A MAJOR Staffordshire Moorlands employer faces an uncertain future after the Competition Commission proposed it could be offered for sale.
Lafarge Cement, which employs around 150 people from across the district at its Cauldon works, is one of two sites that the commission has stated should be disposed of.
The move comes after Lafarge and Tarmac merged at the beginning of the year, with the commission feeling that steps should be taken to further enhance competition in the cement sector.
The news also comes as a blow to the wider Moorlands economy – the company also prides itself on working with groups and organisations across the district including schools and community first responder teams.
It is estimated that it contributes around £11 million a year to the local economy through wages, rates, buying in local supplies and using sub-contractors.
Allan Ruxton, works manager at Lafarge's Cauldon site, claimed the commission's proposed remedies were based on "misinformed assumptions and flawed reasoning".
He said: "Indeed, there is strong evidence to demonstrate that there is very effective competition in the sector, including the recent entry into the market of new players.
"The Commission is required to publish its final report by January 17, 2014, and we will do our best to ensure that these important factors are taken on board.
"My priority now is to ensure that my team receives all the support they need from the company during this time of uncertainty.
"Cauldon is a great plant, with a dedicated workforce and I will ensure they continue to work to the highest standards of safety, environmental performance and customer service as I believe this is the best way to safeguard our future."
The commission's list of provisional remedies, propose that Lafarge Tarmac should divest itself of either the Cauldon cement plant or the Tunstead plant near Buxton, in a bid to introduce a new player into the market.
However, district and parish councillor for the area, Edwin Wain, said: "Lafarge has invested millions into the Cauldon works. This seems very unfair and creates uncertainty for the works and its employees.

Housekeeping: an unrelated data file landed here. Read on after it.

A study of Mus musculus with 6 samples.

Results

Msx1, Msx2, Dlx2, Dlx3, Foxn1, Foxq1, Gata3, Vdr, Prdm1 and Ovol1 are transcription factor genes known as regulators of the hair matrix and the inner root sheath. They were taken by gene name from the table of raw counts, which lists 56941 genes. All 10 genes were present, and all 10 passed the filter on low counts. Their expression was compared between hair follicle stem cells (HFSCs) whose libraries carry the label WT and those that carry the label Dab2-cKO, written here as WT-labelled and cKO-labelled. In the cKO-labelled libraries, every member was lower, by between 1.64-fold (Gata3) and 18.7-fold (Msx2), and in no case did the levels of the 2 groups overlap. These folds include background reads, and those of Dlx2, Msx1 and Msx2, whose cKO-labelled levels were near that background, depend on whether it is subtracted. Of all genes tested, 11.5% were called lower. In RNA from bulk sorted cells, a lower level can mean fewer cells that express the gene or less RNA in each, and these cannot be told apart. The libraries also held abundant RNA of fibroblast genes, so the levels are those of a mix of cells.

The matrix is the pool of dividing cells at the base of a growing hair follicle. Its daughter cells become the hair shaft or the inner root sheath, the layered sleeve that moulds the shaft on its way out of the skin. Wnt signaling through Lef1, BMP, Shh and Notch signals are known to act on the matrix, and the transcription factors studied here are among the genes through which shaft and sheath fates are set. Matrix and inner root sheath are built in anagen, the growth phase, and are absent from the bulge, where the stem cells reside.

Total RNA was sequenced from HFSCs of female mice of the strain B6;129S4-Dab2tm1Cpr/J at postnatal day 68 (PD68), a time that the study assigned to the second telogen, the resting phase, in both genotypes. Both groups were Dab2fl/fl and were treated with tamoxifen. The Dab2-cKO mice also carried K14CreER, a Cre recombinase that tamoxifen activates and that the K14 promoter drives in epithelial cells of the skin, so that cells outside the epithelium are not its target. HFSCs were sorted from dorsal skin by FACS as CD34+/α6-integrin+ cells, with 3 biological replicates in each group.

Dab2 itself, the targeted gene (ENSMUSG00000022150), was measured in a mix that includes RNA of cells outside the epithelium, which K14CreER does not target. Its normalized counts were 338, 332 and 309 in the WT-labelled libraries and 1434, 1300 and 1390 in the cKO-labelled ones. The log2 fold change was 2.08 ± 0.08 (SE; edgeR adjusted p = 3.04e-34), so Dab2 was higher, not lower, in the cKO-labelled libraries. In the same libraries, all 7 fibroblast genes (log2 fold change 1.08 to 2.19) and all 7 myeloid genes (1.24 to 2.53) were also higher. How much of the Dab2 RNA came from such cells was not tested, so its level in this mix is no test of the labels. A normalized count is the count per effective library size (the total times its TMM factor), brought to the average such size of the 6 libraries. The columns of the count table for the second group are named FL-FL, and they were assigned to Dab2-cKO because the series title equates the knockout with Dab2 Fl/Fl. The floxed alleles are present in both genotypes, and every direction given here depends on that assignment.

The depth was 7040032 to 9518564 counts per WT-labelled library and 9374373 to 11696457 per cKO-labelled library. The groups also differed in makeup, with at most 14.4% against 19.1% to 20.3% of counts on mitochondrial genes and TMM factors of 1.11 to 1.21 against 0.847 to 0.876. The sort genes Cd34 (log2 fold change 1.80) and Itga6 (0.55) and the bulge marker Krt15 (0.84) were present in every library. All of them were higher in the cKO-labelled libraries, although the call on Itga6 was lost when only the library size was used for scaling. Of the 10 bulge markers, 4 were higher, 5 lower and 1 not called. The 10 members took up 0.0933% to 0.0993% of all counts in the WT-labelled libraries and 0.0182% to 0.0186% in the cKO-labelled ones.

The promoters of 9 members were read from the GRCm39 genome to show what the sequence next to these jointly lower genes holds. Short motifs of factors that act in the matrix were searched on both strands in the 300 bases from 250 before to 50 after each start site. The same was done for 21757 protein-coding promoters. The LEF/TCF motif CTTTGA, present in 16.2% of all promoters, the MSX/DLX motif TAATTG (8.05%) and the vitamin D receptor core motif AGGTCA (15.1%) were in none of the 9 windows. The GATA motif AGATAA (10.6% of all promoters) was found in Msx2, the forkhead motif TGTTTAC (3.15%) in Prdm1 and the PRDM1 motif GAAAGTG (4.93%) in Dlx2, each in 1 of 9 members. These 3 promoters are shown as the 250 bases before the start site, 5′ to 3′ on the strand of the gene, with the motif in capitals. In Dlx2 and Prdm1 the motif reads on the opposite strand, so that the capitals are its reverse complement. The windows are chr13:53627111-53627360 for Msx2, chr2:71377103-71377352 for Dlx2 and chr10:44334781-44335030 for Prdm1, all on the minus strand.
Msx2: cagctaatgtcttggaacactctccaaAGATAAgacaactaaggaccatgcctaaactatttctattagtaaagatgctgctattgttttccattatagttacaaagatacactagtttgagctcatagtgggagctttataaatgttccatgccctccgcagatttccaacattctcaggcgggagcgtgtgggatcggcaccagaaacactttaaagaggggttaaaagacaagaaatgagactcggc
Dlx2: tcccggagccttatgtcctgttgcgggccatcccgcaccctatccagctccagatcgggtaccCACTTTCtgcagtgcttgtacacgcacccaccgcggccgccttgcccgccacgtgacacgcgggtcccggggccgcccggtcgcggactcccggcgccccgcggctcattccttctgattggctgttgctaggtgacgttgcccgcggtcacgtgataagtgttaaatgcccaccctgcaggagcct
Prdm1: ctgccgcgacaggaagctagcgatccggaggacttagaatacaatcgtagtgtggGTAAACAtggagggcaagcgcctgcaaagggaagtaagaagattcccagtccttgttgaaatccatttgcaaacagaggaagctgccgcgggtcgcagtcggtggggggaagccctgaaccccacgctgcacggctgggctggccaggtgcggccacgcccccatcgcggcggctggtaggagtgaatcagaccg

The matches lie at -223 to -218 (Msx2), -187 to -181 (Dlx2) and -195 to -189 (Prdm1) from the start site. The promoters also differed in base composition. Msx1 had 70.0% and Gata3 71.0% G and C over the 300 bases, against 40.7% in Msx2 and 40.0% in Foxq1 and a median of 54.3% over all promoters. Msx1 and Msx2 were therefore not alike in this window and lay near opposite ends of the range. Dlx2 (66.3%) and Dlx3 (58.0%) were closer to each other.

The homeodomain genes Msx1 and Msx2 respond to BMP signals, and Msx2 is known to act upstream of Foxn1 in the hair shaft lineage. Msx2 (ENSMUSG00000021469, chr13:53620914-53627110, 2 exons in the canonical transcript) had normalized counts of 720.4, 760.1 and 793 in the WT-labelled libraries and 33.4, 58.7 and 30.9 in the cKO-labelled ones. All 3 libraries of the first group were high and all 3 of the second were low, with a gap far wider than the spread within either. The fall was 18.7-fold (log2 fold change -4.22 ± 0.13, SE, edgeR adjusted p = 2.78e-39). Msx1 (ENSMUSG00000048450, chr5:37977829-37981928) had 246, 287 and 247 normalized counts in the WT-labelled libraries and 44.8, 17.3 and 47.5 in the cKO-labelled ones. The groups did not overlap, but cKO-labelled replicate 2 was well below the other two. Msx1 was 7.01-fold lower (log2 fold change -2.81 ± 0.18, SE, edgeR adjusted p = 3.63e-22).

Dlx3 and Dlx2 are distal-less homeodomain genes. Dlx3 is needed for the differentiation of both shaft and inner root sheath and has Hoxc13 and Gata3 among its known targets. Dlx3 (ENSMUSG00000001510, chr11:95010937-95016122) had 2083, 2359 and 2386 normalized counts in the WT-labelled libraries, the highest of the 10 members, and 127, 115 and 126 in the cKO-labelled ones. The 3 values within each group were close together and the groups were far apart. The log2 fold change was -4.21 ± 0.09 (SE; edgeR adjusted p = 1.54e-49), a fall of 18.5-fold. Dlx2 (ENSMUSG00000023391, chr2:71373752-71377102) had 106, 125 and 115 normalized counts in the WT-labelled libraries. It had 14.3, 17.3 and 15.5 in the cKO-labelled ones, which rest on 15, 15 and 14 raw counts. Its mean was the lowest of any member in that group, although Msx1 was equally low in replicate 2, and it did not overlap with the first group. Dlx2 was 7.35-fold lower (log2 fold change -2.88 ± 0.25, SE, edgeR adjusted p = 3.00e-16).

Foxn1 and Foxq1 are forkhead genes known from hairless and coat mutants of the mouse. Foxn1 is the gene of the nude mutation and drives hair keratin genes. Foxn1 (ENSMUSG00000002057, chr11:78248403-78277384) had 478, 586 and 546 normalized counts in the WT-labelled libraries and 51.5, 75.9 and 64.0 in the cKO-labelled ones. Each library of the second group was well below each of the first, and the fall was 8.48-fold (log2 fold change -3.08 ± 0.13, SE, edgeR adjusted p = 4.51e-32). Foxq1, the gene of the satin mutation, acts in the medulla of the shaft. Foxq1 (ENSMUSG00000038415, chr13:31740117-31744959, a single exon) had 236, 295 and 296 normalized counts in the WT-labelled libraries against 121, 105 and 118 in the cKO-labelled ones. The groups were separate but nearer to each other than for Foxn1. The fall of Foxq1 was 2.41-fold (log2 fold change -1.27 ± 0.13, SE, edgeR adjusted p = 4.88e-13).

"The company puts a tremendous amount of money into community groups all across the Staffordshire Moorlands each year. The factory is probably one of the top works in the UK."
Professor Martin Cave, the Competition Commission's deputy chairman and chairman of the Inquiry Group, said: "Both the scale of the problems we found in the GB cement markets and the way that they stemmed from established structure and conduct meant that extensive measures were likely to be necessary to address them.
"The best way to disturb the balance of a market where producers have focused on retaining their respective market shares rather than competing is to create the opportunity for a major new entrant.
"Being able to buy a cement plant – and a number of accompanying ready mix concrete (RMX) plants if necessary – will give the new producer a foothold in the GB cement markets and will increase the number of GB cement producers, thereby disrupting the established patterns in these markets.
"We think that these measures will go a long way towards establishing a more competitive market for customers."
The remedies by the commission state that the purchaser of the divested cement plant should be able to acquire a limited number of RMX plants from Lafarge Tarmac, subject to the purchasers being capped at 15 per cent of the acquired cement production capacity.
The buyer would have to be approved by the Compettion Commission and not be one of the GB’s existing cement producers.
The Cauldon works was build in the 1950s and was opened in 1957. Lafarge took over the former Blue Circle plant in 2001.
Millions of pounds of Investment has been continually poured into the works to make it one of the UK's modern cement production unit.
The factory has also used tyre chips and process sewage pellets to power the premises which has seen a large cut in fossil fuels.